The U.S. government’s efforts to stop Russia and China from using American equipment to boost their defense sectors has resulted in tough rules — but leaky enforcement. As a result, American-made tools keep turning up in Russian missile factories and in Huawei’s supply chain. With war in Europe and China threatening its neighbors, that’s just not good enough.

The United States and its allies make the most advanced tools for both precision metalworking and semiconductor manufacturing. With international tensions rising, the United States and its allies have been right to try to prohibit adversaries from using these tools to manufacture weapons that undermine America’s military edge. In October 2022, the United States imposed restrictions on American firms selling and servicing equipment to manufacture chips below the 14-nanometer level, which covers chips necessary for building supercomputers and training frontier artificial intelligence models, aiming to limit China’s access to the chip technology used to train A.I. systems for military use. And when Russia invaded Ukraine in 2022, the United States and its allies tightened sales of cutting-edge machine tools to Russia to prevent them from being used for military purposes.

But tough restrictions on paper haven’t stopped Russian and Chinese factories from procuring American-made machinery. Industry analysts believe that Chinese chipmakers have succeeded in diverting imported equipment to produce more advanced chips. Many Western and Japanese metalworking machines have been found in Russian defense factories churning out armaments used against Ukrainian cities.

Companies note that their tools can be sold legitimately to one customer and then resold to a Russian or Chinese defense manufacturer without their knowledge. They claim that once a machine is in a customer’s hands, they can’t control how it is used.

Right now, the Commerce Department tries to enforce export controls by knocking on companies’ doors to see if they’ve violated any rules. However, a 2004 agreement signed by the United States and China permits only two American export control officers to work in China. These two officers average 55 site visits a year, verifying roughly 1 percent of all licenses. Even for the facilities they do visit, companies often have over 100 days between when a request is made and access is granted, giving firms plenty of time for obfuscation. Most U.S. allies have even less effective verification regimes, which is why a disproportionate share of the restricted equipment reaching Russia today is being diverted through them.

We cannot expect foxes, even U.S.-incorporated ones, to guard the henhouse. We believe that some Western firms may prefer not to know too much about their customers, lest it becomes harder for them to turn a blind eye. What’s more, companies face commercial incentives to guarantee the confidentiality of customers’ data. Because of this, self-policing has been a failure.

So how can the West tighten enforcement of these rules? Companies making controlled tools should be mandated to install tamperproof geolocation in them. An Apple AirTag costs less than $30. Manufacturers of million-dollar tools can surely find a cost-effective way of incorporating government-approved geolocation into their dual-use devices and providing real-time verification to the Commerce Department. Ideally, if a prohibited tool were transferred into Russia or a prohibited Chinese plant, it would be disabled automatically. At the very least, investigators would have a track record of where the tool had been.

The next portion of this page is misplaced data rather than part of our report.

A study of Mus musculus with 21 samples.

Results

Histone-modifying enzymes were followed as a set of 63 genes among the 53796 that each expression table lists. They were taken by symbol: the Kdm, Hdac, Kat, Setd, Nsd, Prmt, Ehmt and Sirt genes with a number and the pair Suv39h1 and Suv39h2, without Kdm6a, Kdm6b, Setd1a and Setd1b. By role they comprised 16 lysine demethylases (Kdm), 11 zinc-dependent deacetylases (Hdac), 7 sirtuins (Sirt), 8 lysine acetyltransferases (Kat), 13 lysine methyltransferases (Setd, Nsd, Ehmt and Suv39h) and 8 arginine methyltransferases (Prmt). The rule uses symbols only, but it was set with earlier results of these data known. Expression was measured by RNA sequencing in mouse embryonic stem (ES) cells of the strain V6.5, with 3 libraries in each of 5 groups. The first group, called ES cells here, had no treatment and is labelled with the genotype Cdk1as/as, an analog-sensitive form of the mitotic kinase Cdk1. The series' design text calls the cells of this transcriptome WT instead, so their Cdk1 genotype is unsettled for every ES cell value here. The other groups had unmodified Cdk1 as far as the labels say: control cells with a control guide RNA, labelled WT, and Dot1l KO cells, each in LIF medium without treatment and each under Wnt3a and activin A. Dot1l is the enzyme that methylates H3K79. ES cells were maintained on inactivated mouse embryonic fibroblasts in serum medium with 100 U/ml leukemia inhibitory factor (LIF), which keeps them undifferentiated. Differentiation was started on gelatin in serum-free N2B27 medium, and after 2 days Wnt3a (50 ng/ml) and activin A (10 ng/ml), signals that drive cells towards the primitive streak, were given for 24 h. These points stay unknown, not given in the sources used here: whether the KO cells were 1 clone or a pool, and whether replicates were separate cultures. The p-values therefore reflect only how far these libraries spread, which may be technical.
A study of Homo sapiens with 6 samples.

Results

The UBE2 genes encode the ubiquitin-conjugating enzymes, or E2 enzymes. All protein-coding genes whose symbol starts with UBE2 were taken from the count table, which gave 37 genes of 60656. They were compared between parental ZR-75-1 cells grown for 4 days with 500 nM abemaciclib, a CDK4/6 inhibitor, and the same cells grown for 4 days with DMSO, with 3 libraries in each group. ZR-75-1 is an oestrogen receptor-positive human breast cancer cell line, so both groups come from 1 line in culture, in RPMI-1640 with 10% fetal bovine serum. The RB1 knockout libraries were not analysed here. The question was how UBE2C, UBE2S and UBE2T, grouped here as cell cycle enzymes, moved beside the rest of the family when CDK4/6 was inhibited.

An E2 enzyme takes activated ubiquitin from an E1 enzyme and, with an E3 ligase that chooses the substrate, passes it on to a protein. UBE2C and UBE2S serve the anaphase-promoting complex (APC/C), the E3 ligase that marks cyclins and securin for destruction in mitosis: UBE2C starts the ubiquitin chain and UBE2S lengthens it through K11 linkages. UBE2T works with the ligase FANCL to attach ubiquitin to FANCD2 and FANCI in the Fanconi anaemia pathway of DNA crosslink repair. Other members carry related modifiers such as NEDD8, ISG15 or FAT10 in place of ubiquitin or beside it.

Geolocation should be just the start. The most complex manufacturing tools rely as much on software as on precision drill bits. The metalworking tools used to make airplanes and artillery pieces have complex computer control systems. It’s technically possible not only to know where tools are but also what they’re being used for.

The United States needs key manufacturing allies like Japan and Germany to present a united front. After all, a Japanese-made tool was even seen in a news report inside a Chinese nuclear research facility. The Biden administration should push to internationalize these tougher regulations with key allies in Europe and Asia.

Making more demands on companies would be far from unprecedented. The Treasury Department has hit banks with billion-dollar fines for facilitating money transfers to terrorist groups and drug cartels. Facing big penalties, banks invested in impressive compliance operations. As a first line of defense, some banks today don’t allow the use of VPNs on their websites precisely so they can geolocate requests and prevent transactions in sanctioned countries. It’s not a big leap to demand that Western toolmakers implement similar controls.

During the Cold War, the West imposed expansive controls on metalworking tools to prevent them from being used for Soviet military purposes. Getting serious about machinery export controls today is one of the most cost-effective ways to meaningfully limit our adversaries’ militaries. Facing a revanchist Russia and adversarial China, we need to revitalize these techniques, or else our tools will continue to be used to build their militaries.

Chris Miller is the author of “Chip War,” an associate professor at the Fletcher School at Tufts University and a nonresident senior fellow at the American Enterprise Institute. Jordan Schneider is the founder of “ChinaTalk,” a podcast and newsletter about tech policy and U.S.-China relations.